UNHCR last month recognised the seven as refugees, including a 13-year-old boy, after they made their way from North Korea to Russia, across Chinese territory. The refugee agency informed both the Chinese and the Russian governments about its decision to grant them refugee status. It also expressed readiness to resettle the group in a third country. But despite UNHCR's pleas, Russia deported the seven to China on December 30.
UNHCR then appealed to Chinese authorities to refrain from sending them back to North Korea. But on Tuesday, the Chinese Foreign Ministry told UNHCR that the refugees had been sent to North Korea. The ministry did not specify when they were deported or how it happened.
"We are gravely concerned by the Chinese decision to deport people whom UNHCR has recognised as refugees under the 1951 Refugee Convention," said High Commissioner Sadako Ogata. She also urged the North Korean authorities to treat the seven deported refugees humanely.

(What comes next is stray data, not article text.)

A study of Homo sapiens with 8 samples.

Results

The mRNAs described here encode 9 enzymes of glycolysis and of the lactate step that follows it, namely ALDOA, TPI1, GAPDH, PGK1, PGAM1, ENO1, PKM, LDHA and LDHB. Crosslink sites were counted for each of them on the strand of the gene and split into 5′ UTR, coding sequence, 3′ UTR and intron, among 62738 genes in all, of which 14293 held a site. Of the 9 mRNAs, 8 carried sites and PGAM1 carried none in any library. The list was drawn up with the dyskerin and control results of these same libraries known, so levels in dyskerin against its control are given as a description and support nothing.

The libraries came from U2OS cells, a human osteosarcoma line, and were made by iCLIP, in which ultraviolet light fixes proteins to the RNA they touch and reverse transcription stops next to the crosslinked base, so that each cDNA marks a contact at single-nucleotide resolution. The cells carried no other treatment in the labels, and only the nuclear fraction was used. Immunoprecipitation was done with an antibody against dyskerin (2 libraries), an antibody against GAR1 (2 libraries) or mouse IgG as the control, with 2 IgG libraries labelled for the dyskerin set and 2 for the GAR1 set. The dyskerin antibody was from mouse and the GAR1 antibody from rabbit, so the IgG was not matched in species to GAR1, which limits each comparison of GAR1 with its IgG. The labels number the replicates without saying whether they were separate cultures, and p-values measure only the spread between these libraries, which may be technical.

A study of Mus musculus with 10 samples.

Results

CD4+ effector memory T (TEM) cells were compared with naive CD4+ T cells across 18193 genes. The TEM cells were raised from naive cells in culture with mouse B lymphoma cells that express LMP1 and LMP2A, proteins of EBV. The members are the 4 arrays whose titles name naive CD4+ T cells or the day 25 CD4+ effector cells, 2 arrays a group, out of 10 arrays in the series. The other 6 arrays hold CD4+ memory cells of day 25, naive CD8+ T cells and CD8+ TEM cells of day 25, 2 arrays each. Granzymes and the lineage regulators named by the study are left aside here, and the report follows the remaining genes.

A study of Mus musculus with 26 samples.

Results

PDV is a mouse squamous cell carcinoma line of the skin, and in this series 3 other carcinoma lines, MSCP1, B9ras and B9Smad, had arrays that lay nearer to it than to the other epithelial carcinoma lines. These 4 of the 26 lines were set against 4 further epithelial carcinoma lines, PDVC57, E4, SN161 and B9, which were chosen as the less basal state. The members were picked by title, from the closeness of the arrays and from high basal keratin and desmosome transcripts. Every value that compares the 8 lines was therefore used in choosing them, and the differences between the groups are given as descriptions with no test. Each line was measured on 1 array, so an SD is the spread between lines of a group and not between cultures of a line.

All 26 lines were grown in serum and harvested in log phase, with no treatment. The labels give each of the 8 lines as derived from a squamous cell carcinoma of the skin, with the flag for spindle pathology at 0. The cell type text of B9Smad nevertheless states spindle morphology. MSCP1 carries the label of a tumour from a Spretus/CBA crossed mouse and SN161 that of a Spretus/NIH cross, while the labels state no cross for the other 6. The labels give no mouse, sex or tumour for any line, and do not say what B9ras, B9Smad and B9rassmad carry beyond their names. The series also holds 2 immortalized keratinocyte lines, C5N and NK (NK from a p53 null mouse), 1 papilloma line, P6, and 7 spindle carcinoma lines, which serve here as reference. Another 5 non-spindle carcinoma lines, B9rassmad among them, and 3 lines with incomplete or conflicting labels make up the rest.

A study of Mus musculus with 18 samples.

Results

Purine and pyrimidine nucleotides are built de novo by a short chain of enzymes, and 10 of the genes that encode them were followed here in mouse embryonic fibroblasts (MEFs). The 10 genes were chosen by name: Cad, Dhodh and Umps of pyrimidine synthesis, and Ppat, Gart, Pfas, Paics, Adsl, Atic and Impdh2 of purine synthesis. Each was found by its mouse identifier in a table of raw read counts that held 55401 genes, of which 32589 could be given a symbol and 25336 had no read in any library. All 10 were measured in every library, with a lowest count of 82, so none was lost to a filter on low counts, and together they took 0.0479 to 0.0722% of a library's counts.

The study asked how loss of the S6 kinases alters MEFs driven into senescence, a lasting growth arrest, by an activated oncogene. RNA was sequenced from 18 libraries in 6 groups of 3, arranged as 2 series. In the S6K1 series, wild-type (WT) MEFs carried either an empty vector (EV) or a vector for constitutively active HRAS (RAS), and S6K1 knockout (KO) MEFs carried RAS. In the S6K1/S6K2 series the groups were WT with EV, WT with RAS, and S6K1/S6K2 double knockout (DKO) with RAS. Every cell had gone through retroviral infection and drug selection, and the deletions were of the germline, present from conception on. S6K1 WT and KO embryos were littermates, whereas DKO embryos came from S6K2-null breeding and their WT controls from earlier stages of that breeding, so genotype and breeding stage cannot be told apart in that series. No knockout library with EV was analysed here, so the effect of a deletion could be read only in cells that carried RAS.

Both China and Russia are signatories of the 1951 Convention -- the cornerstone of international refugee law, which clearly bans "refoulement," or forcible return of refugees to areas where they could face danger or persecution.
In a letter sent to the Chinese government on Wednesday, UNHCR protested the violation of the 1951 Convention and fundamental humanitarian principles.
UNHCR has been in regular contact with Chinese authorities over the past two years in an effort to address the issue of North Koreans in China, some of whom definitely meet the criteria for refugee status.
UNHCR strongly urges China to refrain from fresh deportations of North Koreans in the future.